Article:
The Guardian July 5, 2000

Japanese elections

Japan's ruling conservative coalition (led by the Liberal Democratic 
Party  LDP) lost some 65 seats in the June 25 elections for the House of 
Representatives. This was in spite of the LDP and its partners rigging the 
election system to reduce the number of candidates elected by proportional 
representation, the system that most correctly reflects voters' choice. The 
government parties also resorted to an unprecedented dirty tricks campaign 
to smear the Communists. Leaflets and handbills full of demagoguery, with 
no publisher's name or with false names, addresses and even telephone 
numbers, were distributed all over the country.

A statement issued by the Japanese Communist Party (JCP) says: "Despite 
these circumstances, the JCP secured its seats in all 11 proportional 
representation constituencies and got 20 seats with about 6.71 million 
votes (11.23 percent).

In the single-seat constituencies, the JCP got no seats despite receiving 
about 7.35 million votes (12.08 percent). The JCP statement noted that the 
Party "fought well in all constituencies. We regret that we could not 
achieve a major JCP advance for all the expectations many people had for 
its advance, no matter how severe the hardships were."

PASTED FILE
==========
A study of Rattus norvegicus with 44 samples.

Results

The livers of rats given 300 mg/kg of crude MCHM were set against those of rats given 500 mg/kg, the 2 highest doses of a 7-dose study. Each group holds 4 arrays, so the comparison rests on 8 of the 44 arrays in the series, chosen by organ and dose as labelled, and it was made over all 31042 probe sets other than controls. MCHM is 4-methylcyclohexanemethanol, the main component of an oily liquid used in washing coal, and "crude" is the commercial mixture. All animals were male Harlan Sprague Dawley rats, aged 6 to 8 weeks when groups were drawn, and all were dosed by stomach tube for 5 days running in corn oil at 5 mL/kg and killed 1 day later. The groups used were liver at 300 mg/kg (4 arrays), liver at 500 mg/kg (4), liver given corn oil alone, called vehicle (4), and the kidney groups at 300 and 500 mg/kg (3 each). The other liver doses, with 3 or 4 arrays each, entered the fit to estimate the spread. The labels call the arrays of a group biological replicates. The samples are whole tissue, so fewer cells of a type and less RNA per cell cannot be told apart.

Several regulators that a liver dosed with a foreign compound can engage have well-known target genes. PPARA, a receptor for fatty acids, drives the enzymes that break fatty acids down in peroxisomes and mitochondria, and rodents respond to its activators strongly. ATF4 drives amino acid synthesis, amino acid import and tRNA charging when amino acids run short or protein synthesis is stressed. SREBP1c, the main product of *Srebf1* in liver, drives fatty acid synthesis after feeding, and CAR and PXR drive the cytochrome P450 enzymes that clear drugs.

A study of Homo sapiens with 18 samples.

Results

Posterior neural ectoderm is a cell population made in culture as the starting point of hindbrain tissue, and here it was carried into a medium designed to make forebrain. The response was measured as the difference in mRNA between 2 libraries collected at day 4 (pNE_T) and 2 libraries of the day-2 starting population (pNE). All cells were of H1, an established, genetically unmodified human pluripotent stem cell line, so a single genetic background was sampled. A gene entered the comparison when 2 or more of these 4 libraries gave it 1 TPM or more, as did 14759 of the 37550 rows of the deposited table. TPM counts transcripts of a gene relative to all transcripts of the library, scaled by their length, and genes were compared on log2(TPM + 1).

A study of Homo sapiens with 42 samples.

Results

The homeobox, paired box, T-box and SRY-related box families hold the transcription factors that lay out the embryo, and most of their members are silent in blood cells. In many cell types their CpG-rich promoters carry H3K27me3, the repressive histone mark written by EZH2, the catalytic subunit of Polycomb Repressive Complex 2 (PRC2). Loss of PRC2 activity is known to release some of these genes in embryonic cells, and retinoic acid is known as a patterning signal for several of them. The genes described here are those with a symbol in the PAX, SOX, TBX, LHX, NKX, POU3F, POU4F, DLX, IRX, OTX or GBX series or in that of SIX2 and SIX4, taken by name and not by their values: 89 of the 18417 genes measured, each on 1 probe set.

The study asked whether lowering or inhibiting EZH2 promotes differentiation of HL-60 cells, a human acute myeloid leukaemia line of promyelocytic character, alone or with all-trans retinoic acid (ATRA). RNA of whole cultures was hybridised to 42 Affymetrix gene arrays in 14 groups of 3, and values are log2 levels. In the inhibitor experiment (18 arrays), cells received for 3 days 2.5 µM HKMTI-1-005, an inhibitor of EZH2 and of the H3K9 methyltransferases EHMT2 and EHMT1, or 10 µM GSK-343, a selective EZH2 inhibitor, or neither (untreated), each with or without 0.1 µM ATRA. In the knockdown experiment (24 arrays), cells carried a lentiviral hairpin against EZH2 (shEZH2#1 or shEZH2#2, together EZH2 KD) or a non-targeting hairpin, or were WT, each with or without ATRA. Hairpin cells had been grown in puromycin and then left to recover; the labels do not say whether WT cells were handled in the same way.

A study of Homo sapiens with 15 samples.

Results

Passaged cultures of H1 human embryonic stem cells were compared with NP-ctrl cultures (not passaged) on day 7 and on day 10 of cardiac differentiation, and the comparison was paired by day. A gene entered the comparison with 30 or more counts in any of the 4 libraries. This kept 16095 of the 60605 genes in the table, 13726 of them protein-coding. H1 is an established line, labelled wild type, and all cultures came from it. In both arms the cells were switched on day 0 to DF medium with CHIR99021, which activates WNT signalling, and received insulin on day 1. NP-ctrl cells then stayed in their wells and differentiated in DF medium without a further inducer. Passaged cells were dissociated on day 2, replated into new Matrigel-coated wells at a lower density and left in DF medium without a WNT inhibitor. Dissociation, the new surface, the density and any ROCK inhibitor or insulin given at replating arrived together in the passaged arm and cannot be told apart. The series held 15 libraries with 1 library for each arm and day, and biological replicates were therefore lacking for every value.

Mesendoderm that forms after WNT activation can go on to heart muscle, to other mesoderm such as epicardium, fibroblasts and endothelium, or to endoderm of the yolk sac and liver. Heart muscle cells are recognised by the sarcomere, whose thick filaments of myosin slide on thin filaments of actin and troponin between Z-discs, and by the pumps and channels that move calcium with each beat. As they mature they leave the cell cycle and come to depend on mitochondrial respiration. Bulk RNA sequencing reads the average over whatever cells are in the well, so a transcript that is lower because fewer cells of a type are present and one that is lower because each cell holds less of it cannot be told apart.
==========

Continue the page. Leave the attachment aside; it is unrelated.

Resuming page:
Of the 65 seats lost by the government parties, the LDP lost 38 seats; the 
Komei Party 11; the New Conservative Party 11; and Kaikaku Club, 5. The JCP 
says: "This is indicative of a severe judgment the people passed on the 
LDP-Komei-Conservative coalition government and LDP politics. 

Policy questions

Without doubt the JCP, by debating policy questions, has greatly 
contributed to setting a trend of public opinion which passed harsh 
judgment on the ruling coalition.

"The ruling parties' campaign was devoid of policy debate and instead 
concentrated on an intrigue on the largest scale ever seen in Japan's 
election history to stop a JCP advance."

The JCP condemned "these undercover campaigns", saying they undermine 
Japanese democracy. "We will make the best efforts to thoroughly reveal the 
facts and the responsibility, so that such practices will be eliminated 
from Japanese politics", said the JCP statement.

Communist mayor re-elected

Yutaka Yano, a Japanese Communist Party member supported by a citizens' 
group which includes the JCP, was re-elected for his second term as mayor 
of Komae City in Tokyo. He doubled his previous votes to about 20,000, 
while the challenger, supported by the Liberal Democratic Party, the Komei 
Party, and the Democratic Party of Japan, polled 15,000.